Fed appeals court won’t rehear Ashcroft lawsuit
BOISE — A federal appellate court says it won’t reconsider its ruling that former Attorney General John Ashcroft can be held personally responsible for misuse of the material witness statute after the Sept. 11 attacks.
In a ruling published Thursday, the full 9th U.S. Circuit Court of Appeals voted to deny Ashcroft’s request amid bitter dissent by eight of its judges.
Abdullah al-Kidd, a U.S. citizen, sued Ashcroft and other federal officials after he was arrested and jailed as a material witness in a terrorism case against another man. He said his arrest and detention were just a ruse to give the government time to investigate him for any potential wrongdoing. He was never called to testify at trial.
The dissenting judges, led by Diarmuid O’Scannlain, said the ruling was contrary to logic and law, and would frighten people from being willing to serve as attorney general in the future.
“Because of the gratuitous damage this decision inflicts upon orderly federal law enforcement, I must respectfully dissent from our refusal to rehear this case en banc,” O’Scannlain wrote in his dissent, joined by Chief Judge Alex Kozinski and Judges Andrew Kleinfeld, Ronald Gould, Richard Tallman, Consuelo Callahan, Carlos Bea and Sandra Ikuta.
Ashcroft’s request for a rehearing came after a three-judge panel ruled Sept. 4 that he can be sued by people who claim he created an illegal policy of using the material witness statute to arrest suspects whom he wished to detain and investigate.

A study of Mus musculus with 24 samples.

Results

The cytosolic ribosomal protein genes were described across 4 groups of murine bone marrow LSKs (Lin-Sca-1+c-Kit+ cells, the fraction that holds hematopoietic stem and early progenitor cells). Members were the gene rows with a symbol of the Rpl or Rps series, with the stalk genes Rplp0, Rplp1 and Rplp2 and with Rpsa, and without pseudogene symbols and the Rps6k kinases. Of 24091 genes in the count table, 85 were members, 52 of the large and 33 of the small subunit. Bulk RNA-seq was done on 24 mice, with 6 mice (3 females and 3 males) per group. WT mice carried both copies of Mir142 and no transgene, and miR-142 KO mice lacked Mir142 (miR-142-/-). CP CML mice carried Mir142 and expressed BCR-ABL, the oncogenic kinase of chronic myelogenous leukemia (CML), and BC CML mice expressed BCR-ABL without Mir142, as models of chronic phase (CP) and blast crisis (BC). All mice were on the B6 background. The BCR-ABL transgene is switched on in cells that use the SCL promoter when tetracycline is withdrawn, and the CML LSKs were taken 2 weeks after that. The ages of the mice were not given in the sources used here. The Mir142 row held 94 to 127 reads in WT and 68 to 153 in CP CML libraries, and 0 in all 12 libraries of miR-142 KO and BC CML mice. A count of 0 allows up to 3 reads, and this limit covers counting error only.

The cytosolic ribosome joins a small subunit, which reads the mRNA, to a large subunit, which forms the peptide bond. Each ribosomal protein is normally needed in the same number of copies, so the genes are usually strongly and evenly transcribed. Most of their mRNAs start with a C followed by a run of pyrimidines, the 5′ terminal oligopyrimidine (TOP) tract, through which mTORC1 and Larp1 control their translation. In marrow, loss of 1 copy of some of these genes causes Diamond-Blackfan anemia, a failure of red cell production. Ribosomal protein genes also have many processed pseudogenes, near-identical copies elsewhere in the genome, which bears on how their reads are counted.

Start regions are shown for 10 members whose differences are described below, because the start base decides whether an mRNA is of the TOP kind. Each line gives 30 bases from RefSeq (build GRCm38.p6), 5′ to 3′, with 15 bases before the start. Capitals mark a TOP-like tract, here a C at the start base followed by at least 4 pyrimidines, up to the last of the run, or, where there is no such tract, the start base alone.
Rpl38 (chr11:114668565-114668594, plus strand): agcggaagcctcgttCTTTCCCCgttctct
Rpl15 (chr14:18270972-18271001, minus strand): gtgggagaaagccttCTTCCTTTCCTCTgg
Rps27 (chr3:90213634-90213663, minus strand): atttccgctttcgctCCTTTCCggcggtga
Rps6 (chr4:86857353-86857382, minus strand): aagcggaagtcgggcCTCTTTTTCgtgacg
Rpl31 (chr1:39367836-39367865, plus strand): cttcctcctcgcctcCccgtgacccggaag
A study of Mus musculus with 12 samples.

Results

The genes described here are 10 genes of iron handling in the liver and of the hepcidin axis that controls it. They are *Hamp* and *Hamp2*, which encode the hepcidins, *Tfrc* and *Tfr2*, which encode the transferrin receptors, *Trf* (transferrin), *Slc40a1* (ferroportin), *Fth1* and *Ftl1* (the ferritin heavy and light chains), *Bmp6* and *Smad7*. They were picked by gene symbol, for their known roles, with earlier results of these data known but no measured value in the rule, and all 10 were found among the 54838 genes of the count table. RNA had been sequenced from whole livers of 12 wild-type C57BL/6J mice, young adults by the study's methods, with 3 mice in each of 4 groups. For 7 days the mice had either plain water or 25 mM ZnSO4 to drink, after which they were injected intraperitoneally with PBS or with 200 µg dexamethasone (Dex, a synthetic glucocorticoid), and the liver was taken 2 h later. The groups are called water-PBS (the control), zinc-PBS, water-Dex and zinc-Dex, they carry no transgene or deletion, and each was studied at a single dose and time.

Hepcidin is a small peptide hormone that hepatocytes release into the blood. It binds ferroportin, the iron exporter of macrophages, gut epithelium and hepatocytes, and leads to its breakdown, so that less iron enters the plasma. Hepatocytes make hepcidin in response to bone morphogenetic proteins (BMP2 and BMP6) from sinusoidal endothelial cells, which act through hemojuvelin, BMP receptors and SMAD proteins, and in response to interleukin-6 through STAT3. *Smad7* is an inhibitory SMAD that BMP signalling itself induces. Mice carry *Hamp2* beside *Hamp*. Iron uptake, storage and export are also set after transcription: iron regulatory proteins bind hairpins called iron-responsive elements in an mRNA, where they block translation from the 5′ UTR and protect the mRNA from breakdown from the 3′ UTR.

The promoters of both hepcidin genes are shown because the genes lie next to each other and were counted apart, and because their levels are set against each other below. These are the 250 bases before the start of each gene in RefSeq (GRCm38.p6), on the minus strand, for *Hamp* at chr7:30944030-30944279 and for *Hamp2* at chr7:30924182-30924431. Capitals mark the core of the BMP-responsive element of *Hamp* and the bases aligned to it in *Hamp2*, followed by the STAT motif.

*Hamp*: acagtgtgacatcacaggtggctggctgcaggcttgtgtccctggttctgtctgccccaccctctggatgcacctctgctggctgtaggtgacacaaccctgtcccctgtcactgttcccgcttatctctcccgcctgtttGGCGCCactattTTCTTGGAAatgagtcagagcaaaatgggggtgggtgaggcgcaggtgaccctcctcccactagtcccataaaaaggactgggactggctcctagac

In that ruling, Judge Milan D. Smith Jr. had said the practice was “repugnant to the Constitution.”
Ashcroft had asked the panel to dismiss the lawsuit, saying he was entitled to absolute immunity because his position at the Department of Justice was prosecutorial. After the ruling, he asked for the full 9th Circuit court to reconsider the matter, but a majority of the judges voted against his request.
That sparked strong words from O’Scannlain, who said the panel’s decision essentially declared the 200-year-old material witness statute unconstitutional and “distorts the bedrock Fourth Amendment principle that an official’s subjective reasons for making an arrest are constitutionally irrelevant.”
“One shudders at the thought that this decision might deter the incumbent and future Attorneys General from exercising the full range of their lawful authority to protect the security of the United States,” O’Scannlain wrote.
Smith responded to the judges’ dissent, saying his earlier ruling didn’t declare the material witness statute unconstitutional. Instead, Smith said, the panel found that the statute doesn’t authorize arrests like the one used to detain al-Kidd.
Al-Kidd’s claim isn’t based on allegations that Ashcroft knew or should have known what his agents were doing, Smith wrote — his claim is based on allegations that Ashcroft himself committed misconduct by creating a national policy that systematically authorized the misuse of the statute.
Smith also rebuffed the dissenting judges’ concerns that future attorneys general would be too scared to serve.
“The truth is that there are legions of highly qualified attorneys who would gladly abandon almost any other position for the opportunity to serve as attorney general of the United States,” Smith wrote. “But it is critically important that whoever serves in that position be dedicated to the rule of law, and to upholding and defending the constitution of the United States.
Al-Kidd’s attorney, Lee Gelernt with the American Civil Liberties Union, said they were “extremely pleased and hope that we can now resolve this case expeditiously.”
Charles Miller, spokesman for the U.S. Department of Justice, said the department was reviewing the court’s decision.
The Department of Justice may now appeal to the U.S. Supreme Court or allow the lawsuit to revert back to Boise’s U.S. District Court. If the case goes back to the lower court, the government will likely have to comply with al-Kidd’s discovery requests, releasing documents and files that it has previously maintained were highly confidential and that could pose a threat to national security.